Alright, I’m sure that last week garnered some interesting stories, although I probably haven’t seen most of them.  Hopefully this week will be just as good.  So, you all know the rules: You must write a story of at least a hundred words, and not more than five hundred (if you want to post it as a comment – if it’s just for yourself, then it can be as long as you want).  The story must be about the theme given in this post.  So,  if the theme I give you is Life, don’t write a story about the lord of the underworld.  If the theme is War, don’t write a story about a farmer planting his crops.  Themes are very broad, so it really shouldn’t be hard to stay within a given theme, but I teach, so I know that some people have trouble with this.

Your theme: Unnatural Silence

So, I have to admit that this was somewhat inspired by an episode of Buffy the Vampire Slayer.  However, I would very much like to NOT see that story line written out in the stories submitted.

6 thoughts on “Story Challenge of the Week

  1. My go: Lucky charm.
    As always, constructive criticism is welcome. I do have a specific question today, on foreshadowing. I found myself doing it automatically, then I asked myself whether it’s too obvious, and whether in a 100 word story one might be better advised to drop it?

    1. Delft, in a story of only 100 words, or even a story of 1000 words, I don’t see much point in foreshadowing. The beauty of foreshadowing as a suspense building tool is that it builds over time. When a story is short enough to read in a few minutes, there isn’t much time for foreshadowing to do its work. That’s just my opinion though, I’m sure other authors will have other opinions.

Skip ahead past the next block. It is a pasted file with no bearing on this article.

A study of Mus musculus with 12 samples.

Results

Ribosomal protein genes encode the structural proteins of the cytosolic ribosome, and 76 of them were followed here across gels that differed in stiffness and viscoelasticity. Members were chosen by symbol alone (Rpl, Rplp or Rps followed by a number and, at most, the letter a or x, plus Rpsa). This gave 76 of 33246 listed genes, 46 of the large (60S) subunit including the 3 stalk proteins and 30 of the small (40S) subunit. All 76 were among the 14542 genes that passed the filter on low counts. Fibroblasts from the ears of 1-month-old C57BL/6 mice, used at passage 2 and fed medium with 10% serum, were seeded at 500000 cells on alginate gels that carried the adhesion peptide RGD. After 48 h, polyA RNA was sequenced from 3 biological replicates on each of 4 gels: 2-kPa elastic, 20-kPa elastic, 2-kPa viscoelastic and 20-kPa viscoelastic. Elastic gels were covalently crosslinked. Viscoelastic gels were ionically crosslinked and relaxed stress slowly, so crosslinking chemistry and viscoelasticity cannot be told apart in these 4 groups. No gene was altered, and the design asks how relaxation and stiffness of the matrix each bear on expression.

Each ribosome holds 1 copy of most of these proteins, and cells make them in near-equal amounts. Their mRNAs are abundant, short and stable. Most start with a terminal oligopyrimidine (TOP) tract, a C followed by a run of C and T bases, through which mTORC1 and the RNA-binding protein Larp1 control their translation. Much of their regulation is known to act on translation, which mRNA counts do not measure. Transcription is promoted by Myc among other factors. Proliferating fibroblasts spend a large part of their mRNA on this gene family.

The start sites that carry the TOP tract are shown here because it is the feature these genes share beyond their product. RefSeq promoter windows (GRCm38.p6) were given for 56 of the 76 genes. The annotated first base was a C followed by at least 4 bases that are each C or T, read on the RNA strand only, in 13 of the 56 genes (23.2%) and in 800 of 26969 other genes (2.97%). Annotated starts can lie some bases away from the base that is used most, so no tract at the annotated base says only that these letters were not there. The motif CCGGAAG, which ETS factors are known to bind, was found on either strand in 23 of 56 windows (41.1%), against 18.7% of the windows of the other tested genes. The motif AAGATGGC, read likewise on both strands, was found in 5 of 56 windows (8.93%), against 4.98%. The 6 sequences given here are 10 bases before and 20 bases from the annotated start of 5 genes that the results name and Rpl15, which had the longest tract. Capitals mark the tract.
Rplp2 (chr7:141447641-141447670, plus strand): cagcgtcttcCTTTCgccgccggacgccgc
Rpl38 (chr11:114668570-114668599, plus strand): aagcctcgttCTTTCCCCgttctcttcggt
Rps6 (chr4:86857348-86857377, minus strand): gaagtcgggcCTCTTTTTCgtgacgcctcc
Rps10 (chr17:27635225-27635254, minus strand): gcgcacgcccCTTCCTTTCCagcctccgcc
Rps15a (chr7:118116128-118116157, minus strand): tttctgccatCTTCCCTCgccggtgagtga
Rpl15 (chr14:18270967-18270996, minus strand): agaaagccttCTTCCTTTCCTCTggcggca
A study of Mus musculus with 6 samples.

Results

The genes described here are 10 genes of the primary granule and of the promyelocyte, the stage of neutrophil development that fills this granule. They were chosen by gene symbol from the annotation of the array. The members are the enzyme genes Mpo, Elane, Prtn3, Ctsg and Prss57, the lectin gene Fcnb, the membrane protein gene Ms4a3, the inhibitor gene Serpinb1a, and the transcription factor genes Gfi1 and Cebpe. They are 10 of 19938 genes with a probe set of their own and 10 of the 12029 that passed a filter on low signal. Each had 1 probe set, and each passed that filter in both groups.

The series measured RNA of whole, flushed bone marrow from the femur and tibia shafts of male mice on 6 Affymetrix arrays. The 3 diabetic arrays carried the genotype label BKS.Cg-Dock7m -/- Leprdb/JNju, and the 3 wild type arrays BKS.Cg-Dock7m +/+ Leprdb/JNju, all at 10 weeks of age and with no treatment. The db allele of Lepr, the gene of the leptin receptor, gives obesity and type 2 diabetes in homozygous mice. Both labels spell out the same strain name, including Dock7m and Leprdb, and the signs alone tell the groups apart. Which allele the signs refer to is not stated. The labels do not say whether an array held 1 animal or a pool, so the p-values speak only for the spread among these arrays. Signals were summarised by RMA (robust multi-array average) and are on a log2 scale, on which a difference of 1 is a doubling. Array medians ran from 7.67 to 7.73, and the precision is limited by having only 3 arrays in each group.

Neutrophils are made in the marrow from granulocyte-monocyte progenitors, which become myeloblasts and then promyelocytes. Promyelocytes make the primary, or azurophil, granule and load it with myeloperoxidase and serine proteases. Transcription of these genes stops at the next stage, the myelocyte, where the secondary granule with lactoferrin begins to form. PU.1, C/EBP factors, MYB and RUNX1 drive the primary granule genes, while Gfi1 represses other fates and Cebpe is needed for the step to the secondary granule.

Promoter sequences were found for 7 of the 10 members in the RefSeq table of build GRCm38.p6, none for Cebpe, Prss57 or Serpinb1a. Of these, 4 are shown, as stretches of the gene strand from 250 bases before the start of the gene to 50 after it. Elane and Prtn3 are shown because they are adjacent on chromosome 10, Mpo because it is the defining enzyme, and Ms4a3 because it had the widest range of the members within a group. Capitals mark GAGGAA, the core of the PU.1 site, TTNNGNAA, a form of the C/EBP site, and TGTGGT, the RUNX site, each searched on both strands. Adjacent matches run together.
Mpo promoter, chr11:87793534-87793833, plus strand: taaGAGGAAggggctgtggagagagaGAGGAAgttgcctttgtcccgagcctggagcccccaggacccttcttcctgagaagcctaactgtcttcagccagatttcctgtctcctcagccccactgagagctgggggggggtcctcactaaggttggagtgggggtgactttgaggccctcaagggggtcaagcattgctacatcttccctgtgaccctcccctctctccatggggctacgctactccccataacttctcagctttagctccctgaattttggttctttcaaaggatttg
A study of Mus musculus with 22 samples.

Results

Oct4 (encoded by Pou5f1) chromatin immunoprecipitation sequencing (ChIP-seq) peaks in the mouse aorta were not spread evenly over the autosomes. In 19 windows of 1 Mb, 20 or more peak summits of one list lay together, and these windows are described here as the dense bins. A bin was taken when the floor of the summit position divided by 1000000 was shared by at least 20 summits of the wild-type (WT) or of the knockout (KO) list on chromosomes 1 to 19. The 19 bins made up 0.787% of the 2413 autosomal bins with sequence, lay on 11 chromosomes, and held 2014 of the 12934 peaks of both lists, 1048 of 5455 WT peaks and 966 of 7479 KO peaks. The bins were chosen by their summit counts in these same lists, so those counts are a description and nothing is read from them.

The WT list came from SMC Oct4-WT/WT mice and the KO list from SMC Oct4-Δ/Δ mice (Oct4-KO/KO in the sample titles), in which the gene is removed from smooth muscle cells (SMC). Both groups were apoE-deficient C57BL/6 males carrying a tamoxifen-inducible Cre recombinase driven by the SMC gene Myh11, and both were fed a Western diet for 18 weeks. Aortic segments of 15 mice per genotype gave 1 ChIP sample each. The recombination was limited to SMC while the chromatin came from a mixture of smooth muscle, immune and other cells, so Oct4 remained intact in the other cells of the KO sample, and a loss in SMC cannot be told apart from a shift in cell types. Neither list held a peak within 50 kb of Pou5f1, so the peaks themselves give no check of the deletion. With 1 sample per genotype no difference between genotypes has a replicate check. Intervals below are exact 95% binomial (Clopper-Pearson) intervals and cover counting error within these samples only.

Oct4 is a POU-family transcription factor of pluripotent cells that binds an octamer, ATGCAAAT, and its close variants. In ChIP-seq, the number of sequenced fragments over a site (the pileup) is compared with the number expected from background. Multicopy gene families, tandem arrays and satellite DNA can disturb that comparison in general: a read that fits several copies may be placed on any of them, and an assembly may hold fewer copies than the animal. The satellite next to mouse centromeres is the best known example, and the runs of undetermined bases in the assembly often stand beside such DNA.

1. So do you think it would be better if I left out the first sentence? “It would be alright.”
        I wrote it automatically as part of my nameless protagonists inner monologue, but then wondered as it does immediately let the reader know that, no, it will not be alright.

  2. Honestly, I don’t think it matters either way. Just so you know, technically (as someone recently pointed out – because I use it a lot), technically ‘alright’ isn’t a word (though it is on the verge of becoming one). As an inner monologue the phrase isn’t necessarily foreshadowing. Yes, it could be alright. However, it could also go horribly wrong. The phrase comes from the protagonist’s viewpoint, and he is not omniscient. So, it could easily be seen as the protagonist’s attempt to convince himself that everything will be ok, or some people could see it as a foreshadowing. In this case, I would leave it in and let the reader decide how to see it. It serves to portray the personality of your character more than anything else.